August 16, 2010

If you don’t listen to Sable on KBCS, you may have missed this update:

A few weeks ago I told you about an encounter I had at the downtown Renton Safeway.  My shopping cart was stopped at the door by a new anti-theft system, then, approached but two Safeway employees who demanded proof I had purchased my groceries.

According to Safeway, that particular store is dealing with a rise in organized crime; people walk into the store, fill up a cart full of groceries and take them without paying. To combat this, Safeway employed TruCheck- an electronic system that will lock up shopping carts at the doors if the cart has not gone through a checkout aisle.

My cart was stopped because I paid for my groceries at the in-store kiosk.  It would have been a simple misunderstanding if not for the demeanor and attitude of the employees who stopped me. Not only were they rude, but the plain clothes security guard looked like he might tackle me if I blinked the wrong way, let alone turn to walk away.

They assumed because the new system stopped my cart, I was a shoplifter. I wasn’t.

It’s an experienced that exposed a significant hole in the new system.  There are at least 3 other areas in Safeway where a customer can pay for their groceries besides a check out aisle.  Those places do not have the security technology installed, causing carts to be stopped while an alarm blares overhead.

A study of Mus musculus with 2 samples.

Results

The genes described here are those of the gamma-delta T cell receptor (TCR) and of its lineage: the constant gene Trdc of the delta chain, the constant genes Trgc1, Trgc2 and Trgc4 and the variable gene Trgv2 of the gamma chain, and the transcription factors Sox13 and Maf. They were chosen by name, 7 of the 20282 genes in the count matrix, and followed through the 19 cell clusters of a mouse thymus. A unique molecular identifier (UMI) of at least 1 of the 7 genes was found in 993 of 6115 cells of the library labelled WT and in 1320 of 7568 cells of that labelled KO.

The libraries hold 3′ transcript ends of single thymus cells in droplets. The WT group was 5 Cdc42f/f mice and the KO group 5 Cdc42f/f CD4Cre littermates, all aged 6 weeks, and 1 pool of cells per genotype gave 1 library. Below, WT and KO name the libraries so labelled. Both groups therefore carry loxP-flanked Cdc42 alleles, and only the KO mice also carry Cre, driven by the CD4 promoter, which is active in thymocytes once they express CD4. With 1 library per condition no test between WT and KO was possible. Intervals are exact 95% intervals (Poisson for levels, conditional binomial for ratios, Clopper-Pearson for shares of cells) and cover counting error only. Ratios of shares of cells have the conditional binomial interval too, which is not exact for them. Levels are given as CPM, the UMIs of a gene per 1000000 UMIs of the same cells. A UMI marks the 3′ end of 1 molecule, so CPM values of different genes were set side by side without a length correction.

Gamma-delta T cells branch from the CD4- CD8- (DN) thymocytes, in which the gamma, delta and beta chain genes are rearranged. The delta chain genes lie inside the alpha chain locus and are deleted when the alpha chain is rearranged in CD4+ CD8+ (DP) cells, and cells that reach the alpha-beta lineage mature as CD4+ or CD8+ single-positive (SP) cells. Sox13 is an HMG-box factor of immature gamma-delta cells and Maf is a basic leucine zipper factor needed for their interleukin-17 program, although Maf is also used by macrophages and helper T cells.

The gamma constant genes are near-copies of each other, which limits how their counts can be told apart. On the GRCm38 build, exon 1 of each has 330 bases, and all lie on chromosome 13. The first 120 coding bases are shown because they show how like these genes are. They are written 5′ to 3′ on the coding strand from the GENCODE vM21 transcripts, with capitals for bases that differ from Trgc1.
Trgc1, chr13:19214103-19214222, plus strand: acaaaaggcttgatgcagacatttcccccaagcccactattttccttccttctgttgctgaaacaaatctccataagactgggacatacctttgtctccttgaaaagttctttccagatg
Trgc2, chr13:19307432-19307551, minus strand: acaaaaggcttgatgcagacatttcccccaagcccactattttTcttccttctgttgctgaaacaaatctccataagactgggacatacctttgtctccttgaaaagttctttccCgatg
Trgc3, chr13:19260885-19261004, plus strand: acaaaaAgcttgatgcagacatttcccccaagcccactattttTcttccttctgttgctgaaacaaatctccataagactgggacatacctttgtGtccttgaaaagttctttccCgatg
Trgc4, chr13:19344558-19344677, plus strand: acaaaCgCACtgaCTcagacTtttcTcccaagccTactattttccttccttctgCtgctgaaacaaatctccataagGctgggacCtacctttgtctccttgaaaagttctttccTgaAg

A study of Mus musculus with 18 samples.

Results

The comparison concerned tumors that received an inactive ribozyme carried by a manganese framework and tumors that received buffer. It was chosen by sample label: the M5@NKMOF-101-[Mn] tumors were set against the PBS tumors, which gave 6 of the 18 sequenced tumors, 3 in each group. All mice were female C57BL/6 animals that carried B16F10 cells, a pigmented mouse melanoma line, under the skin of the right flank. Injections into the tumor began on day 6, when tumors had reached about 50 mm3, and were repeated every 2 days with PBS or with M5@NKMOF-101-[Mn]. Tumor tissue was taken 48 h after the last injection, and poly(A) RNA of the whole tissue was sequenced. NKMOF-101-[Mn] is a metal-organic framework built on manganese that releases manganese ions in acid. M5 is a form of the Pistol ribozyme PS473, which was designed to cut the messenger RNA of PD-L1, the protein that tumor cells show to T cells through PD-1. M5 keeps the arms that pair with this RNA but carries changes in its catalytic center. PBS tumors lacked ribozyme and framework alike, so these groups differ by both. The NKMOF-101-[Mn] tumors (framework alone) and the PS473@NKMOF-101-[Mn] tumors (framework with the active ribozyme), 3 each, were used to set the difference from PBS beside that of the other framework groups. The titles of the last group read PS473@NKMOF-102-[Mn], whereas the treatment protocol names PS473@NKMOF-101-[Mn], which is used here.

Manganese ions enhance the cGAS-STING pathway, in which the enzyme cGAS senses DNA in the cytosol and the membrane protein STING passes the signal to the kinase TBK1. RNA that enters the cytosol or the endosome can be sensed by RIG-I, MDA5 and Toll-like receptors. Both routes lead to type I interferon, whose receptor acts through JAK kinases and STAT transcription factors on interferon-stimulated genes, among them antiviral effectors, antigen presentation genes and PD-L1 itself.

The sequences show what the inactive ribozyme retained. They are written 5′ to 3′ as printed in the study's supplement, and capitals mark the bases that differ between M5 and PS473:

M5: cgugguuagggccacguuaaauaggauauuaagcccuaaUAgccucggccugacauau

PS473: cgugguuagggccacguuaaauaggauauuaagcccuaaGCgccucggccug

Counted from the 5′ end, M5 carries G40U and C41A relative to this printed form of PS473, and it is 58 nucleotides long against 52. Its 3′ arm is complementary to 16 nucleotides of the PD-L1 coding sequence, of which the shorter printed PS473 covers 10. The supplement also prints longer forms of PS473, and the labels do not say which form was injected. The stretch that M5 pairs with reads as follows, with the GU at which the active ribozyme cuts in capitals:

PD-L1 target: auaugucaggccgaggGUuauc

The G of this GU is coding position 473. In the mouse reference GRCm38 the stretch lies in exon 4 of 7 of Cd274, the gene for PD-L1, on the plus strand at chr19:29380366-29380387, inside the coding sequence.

I wrote about what happened which caught the attention of Safeway. Eventually a division manager named Brett, contacted me.  He readily admitted the system had flaws and apologized for what happened.  Last week he invited me back to the store to talk about the changes they’ve made.

From now on, if a customer pays for their groceries at the coffee kiosk like I did, the employee is supposed to advise the customer their cart will stop at the door, and offer to have someone help them carry out their groceries.

When a cart is stopped at the door, employees are to respectfully explain to the customer what happened and ask to see their receipt.  This is important. No one explained to me why I was stopped.  I didn’t have any idea what was going on other than I was suspected of being a criminal.

I asked the question, what would have happened if I’d simply turned and walked away instead of showing my receipt? I felt then, and still feel today that I would have been grabbed.

It turns out, I was probably right. Brett told me that in retraining their employees, Safeway discovered most didn’t know they can’t physically grab or restrain suspected shoplifters.

I would have been well within my right to walk to my car, but prior to the retraining, doing so probably would have led to a much uglier experience.

Most important, Brett says the employees have now been trained to remember technology is not perfect.  If a cart is stopped, they should not assume the customer is guilty of a crime, which means, they shouldn’t treat them that way.

In the end, Safeway did the right thing. The system they’re using to help prevent theft isn’t perfect but the additional training employees received is crucial. Technology can’t replace people, and they need to be careful to respect customers, or risk losing them.